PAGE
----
There is something galling about the cultural elite’s attacks on the British public for allegedly wanting to know more about why Jon Venables has been returned to prison. Because who was it who made Venables, and his fellow killer of James Bulger, Robert Thompson, into a public spectacle in the first place, dragging him into an adult court when he was 11 years old, allowing his name and photograph to be published, and describing him as being possessed of an ‘unparalleled evil and barbarity’? The elite itself, judges, politicians and the media – the same people who now brand the rest of us ‘ghouls who get their kicks by vicariously wallowing in this crime’.
Venables and Thompson were 10 years old when, in February 1993, they led two-year-old James Bulger away from a shopping centre in Liverpool and battered him to death on a railway line. It was horrific, extraordinary, and inexplicable. At 11, they were tried in an adult court and became the youngest people in English criminal history to be convicted of murder. They were detained in a youth offenders’ institution until they turned 18 in 2001, whereupon they were released with new identities and on a life licence, meaning they could be returned to prison at any time if they broke various rules or committed a crime. Venables, now 27, is back in prison, apparently on suspicion of a ‘very serious’ offence.
Politicians and respectable journalists are aghast at what they refer to as the ‘lynch mob’ which is possessed of a ‘rage without reason’ with its perverse desire to ‘know everything about the charges against Venables’. ‘The mob… wants blood’, says one liberal commentator; it wants ‘the right to hunt down Venables’, says another. This mob-baiting is bizarre for two reasons. First, because there is no mob. There are no crowds at the gates of the Ministry of Justice. There are some tabloid articles arguing that we have a ‘right to know’ what Venables is charged with, most of which quote from the Twitter account of Denise Fergus, Bulger’s mother, who, understandably, is still devastated and bitter about what happened to her son and wants to know why one of his killers is back in jail. But Fergus is not a mob, and nor is the clique of posh leader-writers at the red tops. The anti-Venables mob is a figment of the respectable media’s febrile imagination.
The second bizarre thing about the mob-baiting is that, for all the current attempts to rewrite the history of the James Bulger killing and its aftermath, it was never the hot-headed crowd that made Venables and Thompson into symbols of evil – it was the elite. One commentator argues that during and after the Bulger trial, ‘the authorities showed admirable courage in the face of huge emotional pressure to be punitive’, and we must do the same again today. Apparently the authorities were ‘correct, logical and humane’ in their dealings with the Bulger murder, despite the ‘emotional pressure’ from below to hang his killers. This is almost the precise opposite of the truth.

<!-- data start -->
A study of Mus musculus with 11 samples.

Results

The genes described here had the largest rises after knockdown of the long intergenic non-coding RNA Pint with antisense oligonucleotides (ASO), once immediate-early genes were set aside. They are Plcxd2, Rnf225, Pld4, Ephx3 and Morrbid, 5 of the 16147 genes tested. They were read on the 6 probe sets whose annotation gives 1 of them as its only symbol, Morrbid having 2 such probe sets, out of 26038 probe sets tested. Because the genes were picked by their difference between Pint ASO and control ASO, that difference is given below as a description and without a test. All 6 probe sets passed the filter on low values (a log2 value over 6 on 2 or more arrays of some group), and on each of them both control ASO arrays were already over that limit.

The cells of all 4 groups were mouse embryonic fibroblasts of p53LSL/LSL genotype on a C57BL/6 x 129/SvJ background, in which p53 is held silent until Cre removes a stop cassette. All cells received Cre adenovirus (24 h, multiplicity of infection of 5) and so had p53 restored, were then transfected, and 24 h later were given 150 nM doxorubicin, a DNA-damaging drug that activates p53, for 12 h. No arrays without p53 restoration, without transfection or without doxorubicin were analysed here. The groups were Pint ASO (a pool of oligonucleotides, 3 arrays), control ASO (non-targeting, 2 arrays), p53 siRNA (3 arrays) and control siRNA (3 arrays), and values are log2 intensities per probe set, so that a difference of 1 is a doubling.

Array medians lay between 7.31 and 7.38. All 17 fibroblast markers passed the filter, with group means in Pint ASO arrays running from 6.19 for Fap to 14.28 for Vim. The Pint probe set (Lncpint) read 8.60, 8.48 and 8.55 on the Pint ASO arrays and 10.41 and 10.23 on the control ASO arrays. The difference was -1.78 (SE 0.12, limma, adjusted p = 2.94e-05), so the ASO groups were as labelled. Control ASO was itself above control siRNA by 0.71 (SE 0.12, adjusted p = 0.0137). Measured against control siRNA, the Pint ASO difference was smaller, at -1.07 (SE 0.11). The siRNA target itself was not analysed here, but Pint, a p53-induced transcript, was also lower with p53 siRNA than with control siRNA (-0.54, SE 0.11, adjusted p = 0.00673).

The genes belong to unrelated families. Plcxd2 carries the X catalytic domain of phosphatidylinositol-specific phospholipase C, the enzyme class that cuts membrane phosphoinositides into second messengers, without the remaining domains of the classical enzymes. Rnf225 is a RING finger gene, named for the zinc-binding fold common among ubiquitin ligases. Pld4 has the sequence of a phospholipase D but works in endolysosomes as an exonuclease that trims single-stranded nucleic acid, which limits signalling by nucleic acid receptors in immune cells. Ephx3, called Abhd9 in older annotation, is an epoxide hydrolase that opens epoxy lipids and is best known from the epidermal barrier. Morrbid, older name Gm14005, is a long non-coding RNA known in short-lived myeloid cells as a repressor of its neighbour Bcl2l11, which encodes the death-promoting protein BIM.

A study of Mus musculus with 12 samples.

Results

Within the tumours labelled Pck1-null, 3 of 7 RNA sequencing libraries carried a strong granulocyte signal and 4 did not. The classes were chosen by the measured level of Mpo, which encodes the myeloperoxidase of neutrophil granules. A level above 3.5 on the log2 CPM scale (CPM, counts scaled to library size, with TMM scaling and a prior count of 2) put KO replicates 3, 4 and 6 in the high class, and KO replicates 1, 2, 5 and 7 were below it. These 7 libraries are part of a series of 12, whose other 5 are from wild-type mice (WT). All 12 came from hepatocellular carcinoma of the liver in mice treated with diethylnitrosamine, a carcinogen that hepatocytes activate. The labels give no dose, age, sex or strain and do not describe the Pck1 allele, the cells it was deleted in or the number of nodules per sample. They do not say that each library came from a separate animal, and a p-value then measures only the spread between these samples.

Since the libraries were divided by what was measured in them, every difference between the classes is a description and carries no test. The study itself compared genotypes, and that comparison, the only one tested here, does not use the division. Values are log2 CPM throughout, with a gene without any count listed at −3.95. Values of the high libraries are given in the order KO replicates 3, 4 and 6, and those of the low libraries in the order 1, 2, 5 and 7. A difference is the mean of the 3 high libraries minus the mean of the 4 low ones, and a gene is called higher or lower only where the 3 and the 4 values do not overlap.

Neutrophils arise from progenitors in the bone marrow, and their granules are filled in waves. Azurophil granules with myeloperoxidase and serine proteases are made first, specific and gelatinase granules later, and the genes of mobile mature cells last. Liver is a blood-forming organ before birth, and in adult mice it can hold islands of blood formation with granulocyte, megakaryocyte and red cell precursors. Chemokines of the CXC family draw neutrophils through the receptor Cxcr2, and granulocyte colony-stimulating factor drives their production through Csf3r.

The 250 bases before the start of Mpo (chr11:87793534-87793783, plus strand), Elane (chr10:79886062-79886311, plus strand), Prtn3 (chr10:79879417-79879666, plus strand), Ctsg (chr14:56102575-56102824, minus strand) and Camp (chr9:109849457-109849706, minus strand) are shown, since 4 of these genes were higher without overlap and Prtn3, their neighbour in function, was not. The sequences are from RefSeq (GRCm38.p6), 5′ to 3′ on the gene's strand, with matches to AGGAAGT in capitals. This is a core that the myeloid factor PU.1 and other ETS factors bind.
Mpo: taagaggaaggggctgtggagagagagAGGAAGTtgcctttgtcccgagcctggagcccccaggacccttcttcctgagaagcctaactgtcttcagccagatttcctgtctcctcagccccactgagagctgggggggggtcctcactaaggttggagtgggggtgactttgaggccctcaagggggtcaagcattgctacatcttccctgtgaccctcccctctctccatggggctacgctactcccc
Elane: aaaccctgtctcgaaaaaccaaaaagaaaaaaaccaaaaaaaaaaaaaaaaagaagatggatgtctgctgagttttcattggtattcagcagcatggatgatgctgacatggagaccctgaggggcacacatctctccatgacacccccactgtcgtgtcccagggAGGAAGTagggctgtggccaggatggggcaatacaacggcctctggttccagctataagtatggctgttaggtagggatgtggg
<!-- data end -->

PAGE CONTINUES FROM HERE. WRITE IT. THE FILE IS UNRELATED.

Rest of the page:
Following the Bulger murder, the elite took leave of its senses. Their first hysterical decision was to try Venables and Thompson in an adult court on charges of murder – a crime which involves not only the act of killing, but also the conscious decision to kill. Prior to the Bulger murder, the official age of criminal responsibility was 10 but it was presumed in British law that children under 14 were doli incapax – ‘incapable of crime’ – on the basis that they could not distinguish right from wrong in the same way an adult can. This was not to say that children are incapable of doing wicked things, but that their actions are fundamentally different from adult crimes. The Bulger trial changed all that. The madness of trying these two boys for murder was captured by the fact that they had to sit in specially raised chairs in order to see the judge in the adult court. According to reports, during his 30-minute confession to the police Venables ‘howled’ in an ‘awful and pathetic’ way, before saying: ‘What about James’s mum? Will you tell her I’m sorry?’ What kind of state puts an individual like that on trial for murder? This was pure medievalism.